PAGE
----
Department of Physiology
McIntyre Medical Sciences Building,
3655 Promenade Sir William Osler
Montréal, Québec H3G 1Y6
B.Eng (SGWU); MSc
(Surrey); PhD (McMaster)
Area: Neurophysiology / Neuroscience
Research in the Cooper lab focuses
activity-dependent mechanisms that govern the rearrangement and function of
synapses as neural circuits become established during early postnatal life.
address 2 main
issues: One is to understand how activity influences the formation of
connections between preganglionic terminals and postganglionic sympathetic
neurons in the superior cervical ganglion (SCG) of wild type and mutant
project addresses a new concept for
diabetic autonomic neuropathies. We are
investigating the idea that these diabetic-induced dysautonomias results, in
part, from a synaptic defect and our work points to the ganglionic nAChRs as
targets of hyperglycemia-induced downstream signals.
use interdisciplinary approaches that combine different molecular and
cellular techniques, such as: electrophysiology, cellular imaging,
quantitative PCR, viral-mediated gene transfer techniques. In addition, we
are developing a new mouse model to investigate the role of synaptic
activity in the formation of functional neural circuits. The Cooper lab
gratefully acknowledges funding from CIHR, JDRF and HSFC.
Graduates from the Cooper
S. McFarfane Professor,
P. De Koninck, Professor,
A.P. Haghighi, Professor,
V. Campanucci, Professor,
A. Krishnaswamy, Postdoc,
de Neurobiologie de la Méditerranée
A. Mandelzys, CEO, Thallion
A. Sherman, President, Alembic Instruments
D. Wheeler, Research Scientist,
Cooper, E. (2010)
depresses synaptic transmission in sympathetic ganglia by
inactivating nAChRs through a conserved intracellular cysteine
Neuron (in press).
Cooper, E. (2009)
Activity-Dependent Retrograde Signal Induces the Expression of the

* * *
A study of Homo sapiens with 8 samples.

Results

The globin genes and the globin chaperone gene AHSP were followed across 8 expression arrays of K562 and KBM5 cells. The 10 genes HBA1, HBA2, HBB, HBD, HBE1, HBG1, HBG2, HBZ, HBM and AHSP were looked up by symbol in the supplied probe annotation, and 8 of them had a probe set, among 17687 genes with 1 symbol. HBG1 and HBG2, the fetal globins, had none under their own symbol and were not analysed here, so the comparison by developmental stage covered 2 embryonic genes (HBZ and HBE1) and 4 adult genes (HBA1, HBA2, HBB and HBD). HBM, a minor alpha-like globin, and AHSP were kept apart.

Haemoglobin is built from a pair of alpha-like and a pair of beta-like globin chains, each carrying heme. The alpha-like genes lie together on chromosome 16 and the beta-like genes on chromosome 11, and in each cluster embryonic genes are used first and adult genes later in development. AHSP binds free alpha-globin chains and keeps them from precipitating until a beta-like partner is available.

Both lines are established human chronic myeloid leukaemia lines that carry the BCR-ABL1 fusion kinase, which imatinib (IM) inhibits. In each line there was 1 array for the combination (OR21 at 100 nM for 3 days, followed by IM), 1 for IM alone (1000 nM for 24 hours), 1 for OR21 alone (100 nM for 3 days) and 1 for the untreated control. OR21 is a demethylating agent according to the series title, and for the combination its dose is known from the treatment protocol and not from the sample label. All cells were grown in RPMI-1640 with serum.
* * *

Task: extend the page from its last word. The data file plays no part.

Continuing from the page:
High-Affinity Choline Transporter in Cholinergic Neurons.
Neuron 61, 272–286.
Caffery, P.M., Krishnaswamy, A., Sanders, T., Hartlaub, H., Liu, J,
Cooper, E., Hawrot, E. (2009) Engineered
enables visualization and pharmacological characterization of
nicotinic acetylcholine receptors in a novel knock-in mouse.
Eur. J Neurosci.
Krishnaswamy, A., Cooper, E. (2008)
Mitochondrial reactive oxygen species inactivate neuronal nicotinic
acetylcholine receptors and induce long-term depression of fast
nicotinic synaptic transmission.
28: 1733 - 1744.
Rassadi, S., Krishnaswamy, A., Pié, B.,
McConnell, R., Michele H. Jacob, M.H., and Cooper, E.
A null mutation for the
nicotinic acetylcholine (ACh) receptor gene abolishes fast synaptic
activity in sympathetic ganglia and reveals that ACh output from
developing preganglionic terminals is regulated in an
activity-dependent retrograde manner.
25 (37): 8555-9566.
Gingras, J., Rassadi, S.,
Cooper, E., and Ferns, M. (2002) Agrin plays an
organizing role in the formation of sympathetic synapses.
Journal of Cell Biology 158: 1109-1118.
Wheeler, D. G. and Cooper, E. (2001)
Depolarization Strongly Induces Human CMV Major Immediate-Early
Promoter Activity in Neurons. J. Biological Chemistry.
Haghighi, A. and
Cooper, E. (2000). A molecular link between
inward rectification and calcium permeability of neuronal nicotinic
acetylcholine a3b4 and a4b2 receptors. Journal of
Neuroscience 20: 529-541.
Haghighi, A. and Cooper, E.
nicotinic acetylcholine receptors are blocked by intracellular
spermine in a voltage-dependent manner.